Math Improv: Fruit by the Foot Playing mathematically with fruits by the foot. Mobius Story, Wind and Mr. Ug: http://www.youtube.com/watch?v=4mdEsouIXGM Mobius Candy buttons: http://www.youtube.com/watch?v=OOLIB3cjFqw Mobius Music box: http://www.youtube.com/watch?v=3iMI_uOM_fY Doodling Snakes + Graphs (Useful for drawing Borromean rings): http://youtu.be/heKK95DAKms
Math Improv: Fruit by the Foot
- ...or Fruit by the Feet?
- Maybe Fruits by the Foots?
- Anyway I figured they had mathematical potential
- so I decided to record myself playing with them.
- The first thing that comes to mind when there's a strip of paper,
- even paper covered in fruit-flavored sugar
- is to make a Mobius strip, so I did.
- The thing about Mobius strips is they have one side
- while Fruits by the Foot are by nature two-sided.
- A normal loop would have a paper side and a sugar side,
- putting a half twist in would make a sudden transition from one to the other.
- But you can also do this.
- Wrap it around twice so that the sugary part sticks to itself
- and the entire outside is covered in paper.
- Here's our Mobius strip.
- After confirming that Sharpie flip-chart markers
- won't bleed through the paper,
- I drew a line along the single side of the Mobius strip
- but that's not telling us anything that we didn't already know.
- Just like one line can cover both sides,
- except really one side,
- the paper does too.
- So unlike a normal loop of Fruit by the Foot, covered in paper
- which would need two pieces, one for each side,
- the Mobius strip can be unwrapped by pulling off a single strip of paper.
- I went and washed the Sharpie off my hands
- and then came back to see what else I could do.
- The strip of fruit-flavored gunk has these two lines going down it
- perforations dividing it into thirds.
- One of the go-to Mobius strip fun things is to cut it in half down the middle
- but after that, cutting it into thirds is the next thing to do.
- And it's as if Fruit by the Foot is designed for this purpose
- so I started separating it along this line.
- You might want to pause here and think about
- what you think would happen...
- So I continue around and when I loop around once
- now I'm on the other side.
- and it turns out to not have been two lines, but one line
- that goes around twice.
- Let's see what we've got.
- It's completely whoa!
- I mean, this is totally magical to me,
- that there's these two loops and they're linked together
- and they're not even the same size
- and they're like made of flavored sugar gunk.
- But let's understand what's going on.
- You can do it with paper too.
- I cut out a strip, twist, and tape.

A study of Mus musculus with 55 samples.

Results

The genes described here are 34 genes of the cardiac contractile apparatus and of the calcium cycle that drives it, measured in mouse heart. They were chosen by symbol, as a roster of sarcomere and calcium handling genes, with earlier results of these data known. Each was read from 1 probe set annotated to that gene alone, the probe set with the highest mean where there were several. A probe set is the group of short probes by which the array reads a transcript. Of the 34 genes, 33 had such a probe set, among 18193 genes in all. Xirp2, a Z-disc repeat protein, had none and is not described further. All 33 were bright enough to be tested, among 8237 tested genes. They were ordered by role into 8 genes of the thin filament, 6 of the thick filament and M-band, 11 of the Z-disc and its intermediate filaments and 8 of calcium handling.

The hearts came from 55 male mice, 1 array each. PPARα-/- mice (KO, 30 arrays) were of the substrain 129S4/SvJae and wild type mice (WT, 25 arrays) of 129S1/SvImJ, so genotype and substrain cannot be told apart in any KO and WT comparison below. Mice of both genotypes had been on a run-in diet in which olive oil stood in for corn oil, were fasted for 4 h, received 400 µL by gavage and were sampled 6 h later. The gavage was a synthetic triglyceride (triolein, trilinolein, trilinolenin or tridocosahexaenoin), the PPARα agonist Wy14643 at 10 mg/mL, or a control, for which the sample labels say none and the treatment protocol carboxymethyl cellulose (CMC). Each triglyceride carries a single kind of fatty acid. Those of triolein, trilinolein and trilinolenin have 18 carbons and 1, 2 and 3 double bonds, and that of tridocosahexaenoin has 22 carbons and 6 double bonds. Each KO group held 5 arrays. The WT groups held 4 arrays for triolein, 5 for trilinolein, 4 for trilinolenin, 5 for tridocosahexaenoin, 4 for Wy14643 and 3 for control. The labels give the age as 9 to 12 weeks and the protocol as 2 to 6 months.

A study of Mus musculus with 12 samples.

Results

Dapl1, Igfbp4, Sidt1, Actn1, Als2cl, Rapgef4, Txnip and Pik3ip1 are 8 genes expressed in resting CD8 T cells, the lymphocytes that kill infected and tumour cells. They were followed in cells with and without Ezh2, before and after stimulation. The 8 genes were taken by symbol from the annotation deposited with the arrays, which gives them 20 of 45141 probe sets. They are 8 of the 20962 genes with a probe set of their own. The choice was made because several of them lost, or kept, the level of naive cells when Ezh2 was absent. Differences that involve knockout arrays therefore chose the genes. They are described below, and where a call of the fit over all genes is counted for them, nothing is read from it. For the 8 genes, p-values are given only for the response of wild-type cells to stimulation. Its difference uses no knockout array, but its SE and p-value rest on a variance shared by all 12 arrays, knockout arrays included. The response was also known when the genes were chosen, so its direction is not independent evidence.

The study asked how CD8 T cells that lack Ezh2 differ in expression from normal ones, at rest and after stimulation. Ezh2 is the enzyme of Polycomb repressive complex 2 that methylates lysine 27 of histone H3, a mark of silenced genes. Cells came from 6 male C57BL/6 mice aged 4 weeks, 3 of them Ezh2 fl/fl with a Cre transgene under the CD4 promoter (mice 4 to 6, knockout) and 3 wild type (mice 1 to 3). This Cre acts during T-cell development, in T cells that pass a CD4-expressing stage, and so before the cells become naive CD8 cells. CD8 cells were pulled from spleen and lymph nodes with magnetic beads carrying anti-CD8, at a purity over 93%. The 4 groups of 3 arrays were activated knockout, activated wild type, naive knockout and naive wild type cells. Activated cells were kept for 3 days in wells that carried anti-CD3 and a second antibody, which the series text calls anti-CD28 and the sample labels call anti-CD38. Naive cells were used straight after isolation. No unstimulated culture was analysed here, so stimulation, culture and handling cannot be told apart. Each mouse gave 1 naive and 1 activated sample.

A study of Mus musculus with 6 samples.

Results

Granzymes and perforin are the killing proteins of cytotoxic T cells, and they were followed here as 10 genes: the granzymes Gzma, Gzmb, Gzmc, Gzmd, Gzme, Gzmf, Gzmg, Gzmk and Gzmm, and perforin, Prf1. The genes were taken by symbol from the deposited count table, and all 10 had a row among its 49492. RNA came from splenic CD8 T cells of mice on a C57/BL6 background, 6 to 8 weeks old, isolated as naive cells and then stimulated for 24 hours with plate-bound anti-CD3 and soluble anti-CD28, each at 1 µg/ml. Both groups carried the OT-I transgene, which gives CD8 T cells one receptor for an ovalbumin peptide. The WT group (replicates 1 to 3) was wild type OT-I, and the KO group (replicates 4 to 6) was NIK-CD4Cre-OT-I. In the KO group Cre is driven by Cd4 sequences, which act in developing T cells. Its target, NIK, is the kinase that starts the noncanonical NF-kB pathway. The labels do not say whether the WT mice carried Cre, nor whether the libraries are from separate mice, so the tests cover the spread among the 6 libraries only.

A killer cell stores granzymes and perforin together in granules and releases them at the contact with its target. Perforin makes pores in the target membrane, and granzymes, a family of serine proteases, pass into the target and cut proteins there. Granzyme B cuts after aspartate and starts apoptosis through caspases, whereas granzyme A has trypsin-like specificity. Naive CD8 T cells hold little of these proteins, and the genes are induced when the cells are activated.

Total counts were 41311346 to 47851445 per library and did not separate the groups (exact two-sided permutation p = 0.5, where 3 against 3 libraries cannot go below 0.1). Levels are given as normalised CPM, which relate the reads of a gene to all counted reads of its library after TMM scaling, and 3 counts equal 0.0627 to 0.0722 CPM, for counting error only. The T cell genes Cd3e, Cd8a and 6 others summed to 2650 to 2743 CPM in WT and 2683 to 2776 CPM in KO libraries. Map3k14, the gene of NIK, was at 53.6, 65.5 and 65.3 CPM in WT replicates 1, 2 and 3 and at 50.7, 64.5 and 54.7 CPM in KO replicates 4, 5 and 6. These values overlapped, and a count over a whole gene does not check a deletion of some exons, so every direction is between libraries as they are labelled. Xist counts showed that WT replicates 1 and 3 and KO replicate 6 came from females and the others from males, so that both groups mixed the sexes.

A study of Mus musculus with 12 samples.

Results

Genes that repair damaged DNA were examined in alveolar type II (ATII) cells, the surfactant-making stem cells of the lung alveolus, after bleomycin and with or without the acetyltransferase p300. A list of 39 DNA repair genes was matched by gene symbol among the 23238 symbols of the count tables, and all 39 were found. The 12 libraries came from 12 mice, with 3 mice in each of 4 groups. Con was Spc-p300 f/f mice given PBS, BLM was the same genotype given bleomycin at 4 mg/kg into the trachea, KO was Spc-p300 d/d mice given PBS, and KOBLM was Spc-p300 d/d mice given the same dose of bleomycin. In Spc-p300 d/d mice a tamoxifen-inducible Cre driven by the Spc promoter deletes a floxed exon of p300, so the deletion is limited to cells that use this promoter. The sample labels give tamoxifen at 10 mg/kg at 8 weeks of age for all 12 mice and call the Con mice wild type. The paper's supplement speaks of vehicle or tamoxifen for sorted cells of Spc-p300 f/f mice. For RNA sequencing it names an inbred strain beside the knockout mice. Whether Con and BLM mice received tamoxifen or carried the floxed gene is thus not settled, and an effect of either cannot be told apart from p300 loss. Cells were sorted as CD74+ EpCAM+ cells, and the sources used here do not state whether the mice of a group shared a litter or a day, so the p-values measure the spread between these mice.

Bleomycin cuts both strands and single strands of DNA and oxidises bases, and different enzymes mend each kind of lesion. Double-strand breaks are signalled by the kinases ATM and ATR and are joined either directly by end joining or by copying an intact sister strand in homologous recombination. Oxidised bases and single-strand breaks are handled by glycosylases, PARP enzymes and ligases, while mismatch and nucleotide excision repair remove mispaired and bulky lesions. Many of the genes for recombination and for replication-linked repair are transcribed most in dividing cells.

- Now I'm coloring the edge both to demonstrate
- that the Mobius strip only has one edge
- and so that we can keep track of it.
- Because when we cut a strip into thirds,
- you could also think of it like this:
- you're cutting the edge off.
- This leaves a thinner Mobius strip,
- and a long looping edge.
- Because of the twist, the edge loops around the body of the Mobius strip,
- so the two are linked.
- Really though, you should just try it yourself.
- After making the Mobius strip, and ripping it into thirds,
- I poked at the leftover bit of Fruit by the Foot, waiting to be inspired.
- I don't know, it's spirally?
- I opened up another package so I'd have more to play with
- Bam! Whoa! It's got this pattern on it!
- I mean, I don't remember this at all about Fruit by the Foot
- but then again it's not like I've had one in the past like fifteen years.
- And last time I had a Fruit by the Foot,
- I wouldn't have recognized that this is a frieze pattern.
- A symmetric pattern that repeats in one dimension.
- I mean, repeating patterns are good because
- they have a rolling stamp that just kind of presses this pattern into it.
- But it's got other symmetry too.
- The two halves of this pattern are exactly the same,
- but not the same as in mirror symmetry going the long way
- but it does have mirror symmetry going the short way
- plus this point of 180 degree rotational symmetry
- which basically means, if you turn this strip of Fruit
- Roll up around, the pattern is the same.
- But it's neat that it does this in two tesselating halves
- so you can flip it around and fold it in half and everything
- Ok, so I open the last of my Fruits by the Foot
- hoping for another frieze pattern, but it's the same as the last one.
- So I make a normal non-Mobius loop
- and then I make a couple more and decide
- to put them together in a Borromean configuration.
- The Borromean rings are this arrangement of three loops
- that you seem sometimes
- and they're linked in such a way that
- no two loops are actually linked with each other.
- I mean, if you look at just two of the three, they're not linked
- If you undid any one loop, the other two would also be separated.
- Yet, the three together are stuck.
- I tighten the loops up because they form this nice cube
- and then I decided to try taking off the paper, but
- it was tricky because everything's sticky and linky
- so it didn't turn out so well.
- So since I'm labeling things, I labeled the Mobius strip part
- and that reminds me that the frieze pattern and
- Mobius strips are related, at least this particular frieze pattern has,
- as a result of its other symmetries,
- glide reflection symmetry.
- And glide reflection symmetry means that a pattern
- can be Mobius stripped.
- See, when I loop it around into a Mobius strip,
- the pattern exactly matches up, even though it's upside down
- Oh glide reflections.
- The glide is the loop part and the reflect is the flip part.
- And what that means is that with just one half of this nice tessellating pattern
- we can loop it with a twist
- and it matches up perfectly with itself
- to make a complete strip.
- At least, theoretically.
- In practice it's a rather sticky process.